Ophthalmic technicians are medical assistants for ophthalmologists. Certification is not a requirement by law, but being a Certified Ophthalmic Assistant (COA), Certified Ophthalmic Technician (COT) or a Certified Ophthalmic Medical Technologist (COMT) assures physicians and patients alike that a technician has an elevated professional standard and possesses advanced knowledge in their field. The International Joint Commission on Allied Health Personnel in Ophthalmology (IJCAHPO) is the governing body over certification for ophthalmic medical assistants and has guidelines in place to ensure that all certified personnel meet the same markers of professionalism in patient care.
Most of the ethical standards written by IJCAHPO directly involve patient care, and rightfully so. Meeting and exceeding the needs of the people that we help our physicians treat should always be the number one priority of medical staff. Legally, all identifying patient information is kept confidential but IJCAHPO calls for personnel to further respect the patient’s right to privacy while assessing situations and assuming responsibilities of professional decisions in the care of the patient (IJCAHOP, 2018). These regulations are very common throughout medicine, but the rules that stand out most, in my opinion, are the ones that pertain to continuing education. As mentioned above, the certification of ophthalmic personnel is not a legal requirement, where other medical staff, such as nurses, cannot practice without certification. A COA, COT or COMT is obligated to take many continuing education credits to maintain their credentials. The motivation to learn more and the application of this information to every day patient care is a core aspect of the IJCAHPO Standard of Ethics.
In various parts of the document, there are references of professionalism. Those who already are or are planning on becoming certified through IJCAHPO are to act and speak professionally, but the guidelines do not detail what the term means for the organization. The Code of Ethics clearly states rules, eight in total, that exemplify professionalism in a medical scope, but the term itself is not that well defined. Acting “professionally” is a matter of subjection and the idea of professionalism may vary from person to person. Section B of the document, Rules of Ethics, delves into great detail on what professionalism does not look like, but most of these corruptions are obvious, like striking up romantic relationships with patients or intending to harm the public. This list of standards could implement a subsection on what professionalism means to the organization with a clear definition of the word for ophthalmic assistants that succinctly covers the basis of speech, appearance and conduct.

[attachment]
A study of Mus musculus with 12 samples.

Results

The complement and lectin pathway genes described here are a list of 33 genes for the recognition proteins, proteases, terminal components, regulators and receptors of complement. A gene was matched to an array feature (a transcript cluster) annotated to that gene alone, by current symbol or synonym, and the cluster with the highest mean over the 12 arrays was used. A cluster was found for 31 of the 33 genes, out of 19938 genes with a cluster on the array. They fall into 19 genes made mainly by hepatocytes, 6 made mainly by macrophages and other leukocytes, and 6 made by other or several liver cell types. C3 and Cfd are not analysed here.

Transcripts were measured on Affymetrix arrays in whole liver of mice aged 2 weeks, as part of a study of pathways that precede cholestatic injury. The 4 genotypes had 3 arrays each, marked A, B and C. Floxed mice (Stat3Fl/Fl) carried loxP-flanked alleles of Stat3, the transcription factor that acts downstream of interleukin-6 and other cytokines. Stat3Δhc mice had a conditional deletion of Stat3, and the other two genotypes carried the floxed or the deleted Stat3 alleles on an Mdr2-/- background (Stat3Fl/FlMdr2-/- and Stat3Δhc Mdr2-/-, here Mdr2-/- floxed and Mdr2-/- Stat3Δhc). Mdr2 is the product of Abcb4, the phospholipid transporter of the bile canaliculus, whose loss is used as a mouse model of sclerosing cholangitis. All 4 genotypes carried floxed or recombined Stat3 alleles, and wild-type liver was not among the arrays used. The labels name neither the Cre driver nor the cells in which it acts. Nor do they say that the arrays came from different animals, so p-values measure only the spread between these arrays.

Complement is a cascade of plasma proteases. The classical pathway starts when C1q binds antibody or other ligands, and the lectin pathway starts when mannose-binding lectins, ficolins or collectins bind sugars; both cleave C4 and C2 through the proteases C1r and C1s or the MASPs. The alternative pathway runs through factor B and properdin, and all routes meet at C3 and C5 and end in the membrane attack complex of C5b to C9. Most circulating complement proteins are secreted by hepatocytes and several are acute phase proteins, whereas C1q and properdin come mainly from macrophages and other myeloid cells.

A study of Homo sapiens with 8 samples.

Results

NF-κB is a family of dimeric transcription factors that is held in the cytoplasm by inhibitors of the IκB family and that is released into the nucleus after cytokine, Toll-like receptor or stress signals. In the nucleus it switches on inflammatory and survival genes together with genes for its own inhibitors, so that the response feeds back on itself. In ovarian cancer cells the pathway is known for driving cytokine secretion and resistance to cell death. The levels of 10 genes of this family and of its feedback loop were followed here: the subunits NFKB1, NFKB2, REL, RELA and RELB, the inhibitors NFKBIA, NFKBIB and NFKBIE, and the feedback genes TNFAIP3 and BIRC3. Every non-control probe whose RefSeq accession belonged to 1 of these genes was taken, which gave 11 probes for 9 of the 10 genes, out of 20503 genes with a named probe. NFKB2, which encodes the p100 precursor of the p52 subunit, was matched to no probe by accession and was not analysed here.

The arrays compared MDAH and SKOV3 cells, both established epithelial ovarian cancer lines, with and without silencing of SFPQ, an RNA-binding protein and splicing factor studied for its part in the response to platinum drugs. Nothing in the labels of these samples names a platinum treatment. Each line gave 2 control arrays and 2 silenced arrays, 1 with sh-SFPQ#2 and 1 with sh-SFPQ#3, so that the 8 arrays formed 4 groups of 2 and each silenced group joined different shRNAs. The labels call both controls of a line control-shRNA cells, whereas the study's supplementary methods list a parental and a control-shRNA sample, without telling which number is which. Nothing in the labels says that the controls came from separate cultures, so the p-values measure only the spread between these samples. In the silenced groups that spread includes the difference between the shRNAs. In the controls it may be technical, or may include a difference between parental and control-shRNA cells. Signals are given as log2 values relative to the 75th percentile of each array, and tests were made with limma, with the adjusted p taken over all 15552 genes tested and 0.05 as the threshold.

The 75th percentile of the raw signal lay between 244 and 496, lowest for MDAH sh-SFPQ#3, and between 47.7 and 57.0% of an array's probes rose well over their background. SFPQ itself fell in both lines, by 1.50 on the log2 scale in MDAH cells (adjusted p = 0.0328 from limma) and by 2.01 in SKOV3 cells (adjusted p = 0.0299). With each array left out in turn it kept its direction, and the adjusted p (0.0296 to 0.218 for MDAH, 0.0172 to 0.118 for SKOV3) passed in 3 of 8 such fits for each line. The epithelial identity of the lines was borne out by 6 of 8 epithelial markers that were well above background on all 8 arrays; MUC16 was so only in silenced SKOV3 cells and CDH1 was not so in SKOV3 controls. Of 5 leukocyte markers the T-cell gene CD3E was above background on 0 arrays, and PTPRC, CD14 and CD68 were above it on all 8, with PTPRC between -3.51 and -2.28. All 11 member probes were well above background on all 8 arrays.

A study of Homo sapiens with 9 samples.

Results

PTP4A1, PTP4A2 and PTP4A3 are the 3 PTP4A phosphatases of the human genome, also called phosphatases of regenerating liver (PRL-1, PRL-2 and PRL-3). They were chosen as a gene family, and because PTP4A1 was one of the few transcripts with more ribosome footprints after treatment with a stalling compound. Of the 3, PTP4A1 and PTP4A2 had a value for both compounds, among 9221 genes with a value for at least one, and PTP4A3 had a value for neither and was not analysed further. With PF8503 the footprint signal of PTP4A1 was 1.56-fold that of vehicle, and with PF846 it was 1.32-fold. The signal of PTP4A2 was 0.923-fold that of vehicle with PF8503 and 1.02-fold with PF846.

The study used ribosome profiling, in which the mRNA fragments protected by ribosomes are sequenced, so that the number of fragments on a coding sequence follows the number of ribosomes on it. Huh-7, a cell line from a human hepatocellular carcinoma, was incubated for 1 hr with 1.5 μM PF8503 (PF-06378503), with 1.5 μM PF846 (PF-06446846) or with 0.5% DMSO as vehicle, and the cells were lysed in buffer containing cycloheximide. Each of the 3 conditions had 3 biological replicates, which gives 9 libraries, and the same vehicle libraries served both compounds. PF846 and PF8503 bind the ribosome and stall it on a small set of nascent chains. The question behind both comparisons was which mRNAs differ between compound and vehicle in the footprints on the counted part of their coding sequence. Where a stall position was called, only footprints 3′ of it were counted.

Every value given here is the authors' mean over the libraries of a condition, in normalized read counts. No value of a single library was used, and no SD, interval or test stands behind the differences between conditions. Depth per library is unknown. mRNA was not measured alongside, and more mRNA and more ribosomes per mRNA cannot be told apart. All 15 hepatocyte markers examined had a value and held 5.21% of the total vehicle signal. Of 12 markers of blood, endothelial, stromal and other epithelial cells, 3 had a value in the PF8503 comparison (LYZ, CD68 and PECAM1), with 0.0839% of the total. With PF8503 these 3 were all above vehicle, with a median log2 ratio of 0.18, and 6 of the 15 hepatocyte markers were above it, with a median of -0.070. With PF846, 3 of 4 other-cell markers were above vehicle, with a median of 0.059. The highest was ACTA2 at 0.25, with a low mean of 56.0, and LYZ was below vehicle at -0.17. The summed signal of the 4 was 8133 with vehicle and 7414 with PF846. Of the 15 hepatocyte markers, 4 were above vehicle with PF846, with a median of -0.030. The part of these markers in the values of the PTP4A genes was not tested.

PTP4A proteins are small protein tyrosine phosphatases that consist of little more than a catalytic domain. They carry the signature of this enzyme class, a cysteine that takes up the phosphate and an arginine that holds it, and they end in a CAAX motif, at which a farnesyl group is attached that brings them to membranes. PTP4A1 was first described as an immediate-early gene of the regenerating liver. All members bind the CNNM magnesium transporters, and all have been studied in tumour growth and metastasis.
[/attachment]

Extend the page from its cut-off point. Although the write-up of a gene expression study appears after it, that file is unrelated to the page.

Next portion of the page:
Even in the matter of defining what being professional means to the Commission, the IJCAHPO Certification Standards of Conduct is a well written and understandable for all ophthalmic personnel. As most practices do not require that techs certify, staff members who have reached even the entry level of credentialing have a certain degree of drive and motivation that many unfortunately lack. Granted, there are many assistants and technicians who do not have any level of ophthalmic certification, but the Standard of Ethics ensures that all certified members adhere to a set of rules and regulations that others may not have to necessarily.